Summary: Comfort is something that we all need from time to time. But where do you look for comfort> Is it to the living God who ave us his word to reassure us that he has all things in his hand and who sends us his Holy Spirit to strengthen and renew us?
“Comfort, Comfort, my People, says your God.” Do you sometimes feel the need for comfort. Cadbury’s and Lindt make a lot of money out of that feeling don’t they? But when you hear a passage like this does it speak to an inner longing? That sense that you need someone else to support and care for you? It’s a word that’s addressed to the people of Israel who were in great need of comfort. The prophet Isaiah speaks to them and says: “Here is what God says to you: ‘Be comforted.’” The repetition of the verb is meant to add emotional intensity to the call. It’s as though God is pleading with his people to take comfort in his words. He says “Speak tenderly to Jerusalem.” Literally, “speak to her heart.” The way lovers woo each other, speaking sweet nothings to one another, wooing, persuading, inviting a response of love. But then “cry to her that she has served her term, that her penalty is paid, that she has received from the Lord's hand double for all her sins.”
Sometimes we have trouble hearing when God speaks to us, but here the prophet is told to speak with quiet words of love and a loud shout of proclamation. Whatever it takes they’re to hear this message: ‘Comfort, Comfort!’ and believe that it’s true.
If you’ve been here for the last few weeks you’ll know that the city of Jerusalem has been under attack and in fact it’s now been destroyed and its people have been taken off to captivity in Babylon, where they’ve found that they can’t sing the Lord’s song in a foreign land. They’re cut off from their land, and from their God. So this word of Isaiah is truly a word of comfort. Notice how he addresses them: “Comfort, comfort, my people, says your God.” He reminds them that even though they’re in captivity, in exile, even though they feel like God has abandoned them, or they’ve failed him, God is still their God. They are still God’s people.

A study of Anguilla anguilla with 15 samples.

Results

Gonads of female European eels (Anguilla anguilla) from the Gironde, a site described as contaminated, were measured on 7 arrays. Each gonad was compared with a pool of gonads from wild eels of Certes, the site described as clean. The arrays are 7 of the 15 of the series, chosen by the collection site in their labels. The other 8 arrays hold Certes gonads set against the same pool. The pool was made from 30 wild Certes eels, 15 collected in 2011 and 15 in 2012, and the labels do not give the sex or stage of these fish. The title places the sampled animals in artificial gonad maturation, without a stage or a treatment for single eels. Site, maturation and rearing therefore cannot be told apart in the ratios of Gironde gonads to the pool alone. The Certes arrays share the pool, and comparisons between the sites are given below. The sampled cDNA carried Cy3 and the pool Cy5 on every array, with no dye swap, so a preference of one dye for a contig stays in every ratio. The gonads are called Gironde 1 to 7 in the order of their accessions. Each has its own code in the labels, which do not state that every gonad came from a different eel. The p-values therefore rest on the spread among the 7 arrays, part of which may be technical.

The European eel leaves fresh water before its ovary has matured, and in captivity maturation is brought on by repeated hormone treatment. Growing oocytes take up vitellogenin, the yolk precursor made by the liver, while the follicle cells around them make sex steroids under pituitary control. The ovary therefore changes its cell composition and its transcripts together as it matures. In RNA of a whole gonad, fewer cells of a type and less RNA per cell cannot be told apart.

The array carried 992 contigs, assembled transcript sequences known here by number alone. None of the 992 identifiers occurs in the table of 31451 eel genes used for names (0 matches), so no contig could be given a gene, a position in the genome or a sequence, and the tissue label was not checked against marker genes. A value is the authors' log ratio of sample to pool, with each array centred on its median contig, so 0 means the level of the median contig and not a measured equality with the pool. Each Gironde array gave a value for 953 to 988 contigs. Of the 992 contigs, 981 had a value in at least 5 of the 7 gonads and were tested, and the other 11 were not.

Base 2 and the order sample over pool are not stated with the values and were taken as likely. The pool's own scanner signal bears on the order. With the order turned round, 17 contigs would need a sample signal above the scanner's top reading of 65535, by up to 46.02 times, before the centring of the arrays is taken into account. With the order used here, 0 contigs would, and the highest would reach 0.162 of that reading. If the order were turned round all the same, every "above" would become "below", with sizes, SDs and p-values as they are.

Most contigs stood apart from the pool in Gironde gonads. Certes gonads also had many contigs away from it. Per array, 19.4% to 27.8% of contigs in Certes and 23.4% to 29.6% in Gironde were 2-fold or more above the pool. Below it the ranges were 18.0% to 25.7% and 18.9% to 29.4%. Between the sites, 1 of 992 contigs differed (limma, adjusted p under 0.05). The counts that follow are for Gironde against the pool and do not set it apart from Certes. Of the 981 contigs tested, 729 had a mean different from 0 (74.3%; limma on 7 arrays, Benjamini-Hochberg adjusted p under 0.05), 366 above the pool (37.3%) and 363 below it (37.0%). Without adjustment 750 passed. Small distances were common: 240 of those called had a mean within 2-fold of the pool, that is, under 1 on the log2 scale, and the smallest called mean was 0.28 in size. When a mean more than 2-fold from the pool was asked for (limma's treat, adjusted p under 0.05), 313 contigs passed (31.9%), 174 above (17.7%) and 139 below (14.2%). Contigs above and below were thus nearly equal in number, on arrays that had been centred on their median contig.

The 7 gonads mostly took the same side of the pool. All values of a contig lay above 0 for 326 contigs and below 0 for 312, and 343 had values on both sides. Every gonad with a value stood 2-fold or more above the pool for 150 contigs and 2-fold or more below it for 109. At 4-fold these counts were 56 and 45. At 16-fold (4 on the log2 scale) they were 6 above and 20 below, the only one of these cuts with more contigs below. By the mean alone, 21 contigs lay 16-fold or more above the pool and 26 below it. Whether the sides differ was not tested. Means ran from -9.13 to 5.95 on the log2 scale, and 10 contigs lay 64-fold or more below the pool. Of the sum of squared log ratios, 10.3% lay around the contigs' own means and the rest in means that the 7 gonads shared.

So it’s a message of subjective comfort. They can feel relieved that God hasn’t forgotten them. But at the same time it’s a message of comfort based on the objective historical reality of what God’s doing. God is about to rescue them, to bring them out of captivity and return them to Jerusalem. He says, “Cry to her that she has served her term, that her penalty is paid, that she has received from the Lord's hand double for all her sins.” This doesn’t mean they’ve suffered more than they deserved, and now God’s realised it and so is bringing them back. No, what he means is that God is giving her double in exchange for all her sins. As we discover when we come to chs 52 & 53, the Servant of the Lord’s sacrifice has paid for their sins. And now in God’s grace he’s about to restore them despite their unworthiness.
And so we read “A voice cries out: ‘In the wilderness prepare the way of the LORD, make straight in the desert a highway for our God.’” Notice, it isn’t: “prepare a way for the Jews in exile.” No: “Prepare the way of the Lord.” If you were a nomad out in the desert tending your flock of scrawny goats or sheep, and you looked up as this exodus went by, all you’d see would be a great horde of Jews trudging along, looking tired and thirsty. But the eyes of the prophet sees the LORD God coming, - and as he comes he brings with him his people.